Saturday, July 14, 2007

Elmer Eggplant on Dreams and Reality

This may not read at first like something from the Third Galaxy but it is. It was written by Elmer Eggplant and would seem to have been influenced by the "Knower" writings uncoverered in the caves at Ragged Haggis. In fact this dream Elmer makes so much fuss over would seem to me to me something from the Book of Chocolate.

One morning, driving to work on the freeway in my old wreck of a car, a thought came into my mind. Not a thought really, but a memory, about something I had been trying to write.

At once, I thought, just when did I think of writing those words? It could not have been this morning, and it surely wasn't the evening before -- so when?
It then came to me that it was something I had dreamt the night before, in a dream where I had been trying and trying to write something without being able to actually do it -- it was a bit like dreaming about javing to pee.

I find it a puzzling experience when the memory of a dream I had not recalled upon awaking, comes to mind later, jogged by some chance event puzzling because of having to sort out if the memory was of something which "really happened" or was "just a dream".

This sort of phenomenon has happened to me many times and it has made me wonder just what reality really is! What is "dream" and what is "awake"? Is the memory of the one somehow different from the other? Is there a basic difference between the memory of a dream and a memory of something which "really" happened?

As far as the memory itself, I suspect there is no real difference and that a memory is a memory is a memory.

Most would say there is an intuitive difference between "dream" and "awake". The intuition could be correct, however it could also be a prejudice. In any case, we are hard put to really define the difference is between these two states of awareness.

In fact, I can quickly point to some similarity. There can be awareness and consciousness of both self and other in each state. So, that's not the difference!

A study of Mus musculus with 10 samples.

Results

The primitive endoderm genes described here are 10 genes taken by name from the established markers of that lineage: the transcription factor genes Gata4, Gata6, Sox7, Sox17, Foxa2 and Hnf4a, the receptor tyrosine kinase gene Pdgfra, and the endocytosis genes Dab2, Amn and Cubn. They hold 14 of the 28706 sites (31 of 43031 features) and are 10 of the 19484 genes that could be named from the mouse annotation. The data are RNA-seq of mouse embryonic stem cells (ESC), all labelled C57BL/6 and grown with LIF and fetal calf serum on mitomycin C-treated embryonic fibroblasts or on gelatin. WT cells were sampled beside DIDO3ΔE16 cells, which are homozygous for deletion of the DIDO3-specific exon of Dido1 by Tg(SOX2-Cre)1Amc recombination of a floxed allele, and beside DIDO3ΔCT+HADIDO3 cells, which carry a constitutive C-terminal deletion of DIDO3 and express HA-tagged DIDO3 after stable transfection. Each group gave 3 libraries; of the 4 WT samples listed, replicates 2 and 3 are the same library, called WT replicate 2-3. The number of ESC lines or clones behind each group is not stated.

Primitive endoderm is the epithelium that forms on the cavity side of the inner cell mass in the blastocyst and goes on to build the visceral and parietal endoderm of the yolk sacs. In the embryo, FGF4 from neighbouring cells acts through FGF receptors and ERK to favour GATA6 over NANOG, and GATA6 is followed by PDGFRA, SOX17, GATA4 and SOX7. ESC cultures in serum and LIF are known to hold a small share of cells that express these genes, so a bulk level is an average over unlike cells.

There is the old saw about pinching yourself to "make sure you're not dreaming". This assumes we can "know" when we are awake and implies we cannot "know" that we dream. But is this true?

I have had the experience of the the "lucid" or "clear" dream where one becomes aware that one is dreaming. True, they seem quite rare -- but that doesn't mean that they are rare. When I'm awake, my dreams are memories and how many dreams -- including lucid dreams -- do I actually remember?

We can say for sure is that we can distinguish between dream and awake in both states. We can somehow "know" that we are awake -- that is if it occurs to us to think about it. Likewise, we can also "know" that we dream, if it occurs to us to think about it.

But how we do this is something of a puzzle.

Is it the tremendous abundance of detail which tips me off that I am awake? Common also sense tells me that dreams do not have the same richness of detail such as the waking experience -- but common sense may be completely out to lunch! Are the memories of yesterday more detailed then the dreams of last night?

Do "real" memories of things that have "really" happened have the vivid detail and synergy of sense impressions of what is happening now as I type these words on a morning sunlit patio with birds singing in the background, a car starting in the street and the concrete tiles of the terrace cold against the bare soles of my feet?
My guess is that our dreams are no different from the background of thoughts burbling in our minds when we are awake -- except that when we sleep there is little input from the "real" world to give us a feeling of logical consistency to what we experience.

But, to return to my starting point -- what was it that I was trying to write in the dream I suddenly recalled while driving to work?

I'll get that in a moment but first I want to point out that I have been talking as if there were only the two states, those of "awake" and "dreaming" and that is not quite right.

If there is anything I have understood at all of the teachings of the Holy Idaho, the Buddy, the Masher and other friends, it is that being truly awake to life is the heart and nitty gritty of all spiritual experience -- this is exactly why our scriptures often refer to "worldly" people as being "dead" or "asleep".

I will now try to reconstruct what I was trying to write in my dream but could not:
To what can we compare in trying to speak of the reality of the spiritual to someone who has not themselves known spiritual experience, that is some sliver of the truth of what-really-is?

One might as well sing a song for the deaf.

Or paint a picture for a person with no eyes.

Or make love to a woman with no feeling.

Or explain wet-ness to the burning fire.

Or kindle flames in the depths of the ocean.